A Jewish painter, perhaps, but undeniably a spiritually transcendent one

Standing before the paintings of Helen Frankenthaler, it’s hard not to feel a sense of awakening

Drawing within Nature: Paintings from the 1990s, currently at the Gagosian Gallery, marks the first New York exhibition since 2014 of the work of the abstract artist Helen Frankenthaler, who died in 2011 at the age of 83.

According to Gagosian director Jason Ysenburg, these works show “a sense of freedom and a sense of experimentation” of an artist in her prime, painting confidently while trying new things. “You have an artist who is at the top of her game but still wants to find ways to be an innovator and I think that’s the key to seeing these works,” said Ysenburg. “It’s very much a period in which she is reflecting on her career.”

Like her earlier works, most of these were painted on the floor, though, according to Ysenburg, “the application of the paint is different from earlier works in that she is covering the entire canvas. She’s not choosing where to pour the paint.”

At the Gagosian Gallery, Drawing within Nature: Paintings from the 1990s marks the first New York exhibition of Helen Frankenthaler’s work since 2014. Photo by Rob McKeever/Courtesy Gagosian

These works also show Frankenthaler’s progression towards the greater use of texture. In her earlier “soak-stain” paintings, in which she saturated the unprimed canvas with color, such as in her first breakthrough work, 1952’s “Mountains and the Sea,” she poured the paint so that it stained through the unprimed canvas. By the 1980s, one began to see clumps of paint in her work. In most of this exhibit’s paintings, the paint sits on the canvas’ surface. In several, she has even added silica to the paint in order to achieve added texture. 

Here, in the 1990 painting “Hot Ice,” which Ysenburg calls a “master class in how to make different volumes of paint work together on one canvas,” the paint consists of many different thicknesses and liquidities. In one spot there’s a clear imprint of a boot in the paint; in other places, the imprint becomes less clear, suggesting ice disintegrating or melting.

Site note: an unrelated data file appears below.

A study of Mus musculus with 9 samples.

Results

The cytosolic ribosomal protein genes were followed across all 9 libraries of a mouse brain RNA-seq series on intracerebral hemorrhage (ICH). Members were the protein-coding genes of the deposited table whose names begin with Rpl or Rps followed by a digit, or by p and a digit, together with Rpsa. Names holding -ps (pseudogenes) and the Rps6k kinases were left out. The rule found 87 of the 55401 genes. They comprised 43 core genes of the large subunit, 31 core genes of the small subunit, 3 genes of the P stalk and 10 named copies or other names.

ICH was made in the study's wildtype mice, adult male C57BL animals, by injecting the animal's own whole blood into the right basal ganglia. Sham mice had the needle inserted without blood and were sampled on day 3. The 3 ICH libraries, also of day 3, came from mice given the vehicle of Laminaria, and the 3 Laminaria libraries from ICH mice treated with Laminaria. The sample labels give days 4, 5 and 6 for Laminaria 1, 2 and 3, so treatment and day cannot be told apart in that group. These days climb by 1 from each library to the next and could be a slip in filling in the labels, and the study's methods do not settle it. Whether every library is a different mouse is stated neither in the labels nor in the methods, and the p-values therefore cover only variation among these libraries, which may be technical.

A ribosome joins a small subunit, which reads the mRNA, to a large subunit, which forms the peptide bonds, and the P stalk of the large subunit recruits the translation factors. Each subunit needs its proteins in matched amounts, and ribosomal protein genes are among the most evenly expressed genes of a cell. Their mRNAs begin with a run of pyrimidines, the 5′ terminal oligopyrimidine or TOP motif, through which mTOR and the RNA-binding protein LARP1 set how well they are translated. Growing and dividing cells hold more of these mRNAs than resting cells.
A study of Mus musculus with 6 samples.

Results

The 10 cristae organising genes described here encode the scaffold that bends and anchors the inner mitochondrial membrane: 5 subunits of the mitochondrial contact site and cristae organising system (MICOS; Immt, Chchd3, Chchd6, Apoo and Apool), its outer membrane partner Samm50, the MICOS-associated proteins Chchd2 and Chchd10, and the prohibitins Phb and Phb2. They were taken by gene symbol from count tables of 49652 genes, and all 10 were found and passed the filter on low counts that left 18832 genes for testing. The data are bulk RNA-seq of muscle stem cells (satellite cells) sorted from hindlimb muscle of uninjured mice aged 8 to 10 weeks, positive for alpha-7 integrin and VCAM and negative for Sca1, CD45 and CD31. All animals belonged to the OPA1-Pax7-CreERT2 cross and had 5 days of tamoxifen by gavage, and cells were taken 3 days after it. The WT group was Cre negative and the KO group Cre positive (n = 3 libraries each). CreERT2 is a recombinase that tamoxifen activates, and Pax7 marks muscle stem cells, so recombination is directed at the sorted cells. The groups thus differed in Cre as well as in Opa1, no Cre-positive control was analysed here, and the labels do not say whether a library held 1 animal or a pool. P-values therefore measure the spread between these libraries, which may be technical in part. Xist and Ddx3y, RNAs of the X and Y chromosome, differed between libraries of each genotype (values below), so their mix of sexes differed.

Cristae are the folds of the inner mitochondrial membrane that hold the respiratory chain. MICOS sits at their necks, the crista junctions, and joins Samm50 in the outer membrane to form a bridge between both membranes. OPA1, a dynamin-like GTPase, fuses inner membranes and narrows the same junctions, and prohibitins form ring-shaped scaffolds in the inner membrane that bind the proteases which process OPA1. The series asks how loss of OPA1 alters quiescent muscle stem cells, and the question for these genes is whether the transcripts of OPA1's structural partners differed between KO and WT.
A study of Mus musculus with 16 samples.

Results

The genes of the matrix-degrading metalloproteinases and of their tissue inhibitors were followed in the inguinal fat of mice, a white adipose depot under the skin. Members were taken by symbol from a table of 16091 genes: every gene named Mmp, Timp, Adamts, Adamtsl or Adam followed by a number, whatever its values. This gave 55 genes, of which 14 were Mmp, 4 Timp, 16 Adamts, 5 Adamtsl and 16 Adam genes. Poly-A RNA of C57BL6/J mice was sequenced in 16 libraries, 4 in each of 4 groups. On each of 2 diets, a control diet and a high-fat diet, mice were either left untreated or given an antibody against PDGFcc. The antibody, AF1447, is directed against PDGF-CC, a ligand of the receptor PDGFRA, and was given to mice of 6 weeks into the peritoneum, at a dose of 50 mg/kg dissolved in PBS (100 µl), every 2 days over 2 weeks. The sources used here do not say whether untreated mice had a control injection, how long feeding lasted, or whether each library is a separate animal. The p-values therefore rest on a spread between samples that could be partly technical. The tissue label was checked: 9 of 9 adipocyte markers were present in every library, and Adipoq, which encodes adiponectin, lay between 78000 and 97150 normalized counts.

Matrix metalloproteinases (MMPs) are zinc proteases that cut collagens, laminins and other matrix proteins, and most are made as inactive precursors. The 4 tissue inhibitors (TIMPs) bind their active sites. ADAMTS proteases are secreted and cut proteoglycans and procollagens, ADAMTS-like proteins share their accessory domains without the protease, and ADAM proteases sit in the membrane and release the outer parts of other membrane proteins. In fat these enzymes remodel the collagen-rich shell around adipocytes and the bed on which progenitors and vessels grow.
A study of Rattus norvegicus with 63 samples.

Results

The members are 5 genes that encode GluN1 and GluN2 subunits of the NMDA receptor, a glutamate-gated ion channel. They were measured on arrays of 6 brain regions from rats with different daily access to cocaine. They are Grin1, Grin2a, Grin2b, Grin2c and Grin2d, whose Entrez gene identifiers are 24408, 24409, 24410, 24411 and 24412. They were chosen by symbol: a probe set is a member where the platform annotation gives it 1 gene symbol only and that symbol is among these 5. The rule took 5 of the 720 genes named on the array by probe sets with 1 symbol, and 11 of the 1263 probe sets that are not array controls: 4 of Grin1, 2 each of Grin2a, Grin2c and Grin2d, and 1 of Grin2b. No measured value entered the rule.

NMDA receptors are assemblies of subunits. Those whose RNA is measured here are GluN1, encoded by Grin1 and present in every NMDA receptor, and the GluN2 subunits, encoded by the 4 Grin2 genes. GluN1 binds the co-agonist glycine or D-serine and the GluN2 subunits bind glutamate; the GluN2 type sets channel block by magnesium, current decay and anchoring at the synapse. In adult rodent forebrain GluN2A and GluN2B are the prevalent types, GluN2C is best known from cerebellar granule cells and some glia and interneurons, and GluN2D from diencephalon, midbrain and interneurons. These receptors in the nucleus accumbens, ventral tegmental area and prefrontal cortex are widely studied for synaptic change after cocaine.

In works like this one, Frankenthaler seems to be calling attention to the act of painting, to the presence of the artist’s hand. This is also true of other works in the exhibition where the artist uses a rake, dragging it through the paint to create tracks or curved lines, calling attention to her process.

Appropriate to its title, Frankenthaler’s 1992 painting “Magnet” seems to draw the viewer towards it. Photo by Rob McKeever/Courtesy Gagosian

While Frankenthaler was born to Jewish parents and raised in a Jewish home in Manhattan, not much has been written about how her Jewishness influenced her work. 

“I don’t know whether there is a strong sense of spirituality in her works,” Ysenburg told me. 

I asked Ysenburg about Mark Rothko, born Marcus Yakovlevich Rothkowitz, whose abstract paintings create a spiritual feeling in viewers, so much so that his paintings fill a chapel. He told me that he sees Frankenthaler’s paintings as “more sensational than contemplative,” and that he sees Frankenthaler as “translating an experience, a physical experience of being in nature.” 

In his book Fierce Poise, Helen Frankenthaler and 1950s New York, Alexander Nemerov wrote that critic Clement Greenberg, with whom Frankenthaler had a serious relationship during the ’50s, said that Innerlichkeit, or inwardness, was “the real task for the individual Jew in the West,” and it was perhaps this quality, according to Nemerov, that Greenberg saw in Frankenthaler’s Mountains and Sea and her art of that period. Her earlier color field paintings reflect this quality of quietly looking within.

Yet the spirituality in the works seen here seems intentional, even blatant. One, which features different shades of blue and the whites of clouds, is titled “Vespers,” referring to an evening prayer in church. At the top right corner, Frankenthaler has dragged a rake, suggesting the presence of fingers almost as if from the hand of God. 

Ysenburg calls the 1992 painting “Magnet” the “most provocative” in the exhibition. 

“I feel it’s about the elements. It’s a representation of some kind of storm,” he said. “The physical nature of the way it’s painted. The raking and the dragging and the layering of the painting; it’s the most alive work in the show.” 

True to its title, “Magnet” seems to pull you towards it, making you want to stand close. I would argue that the reason it feels so alive is because of Frankenthaler’s wild and original juxtaposition of colors, of bold purple and turquoise, yellow and umber, the way light seems to emanate from within it, and the way she simultaneously calls attention to the artist’s hand — through the clumps of lavender paint and the various rake lines. Standing before it, it’s hard not to experience a sense of awakening and transcendence.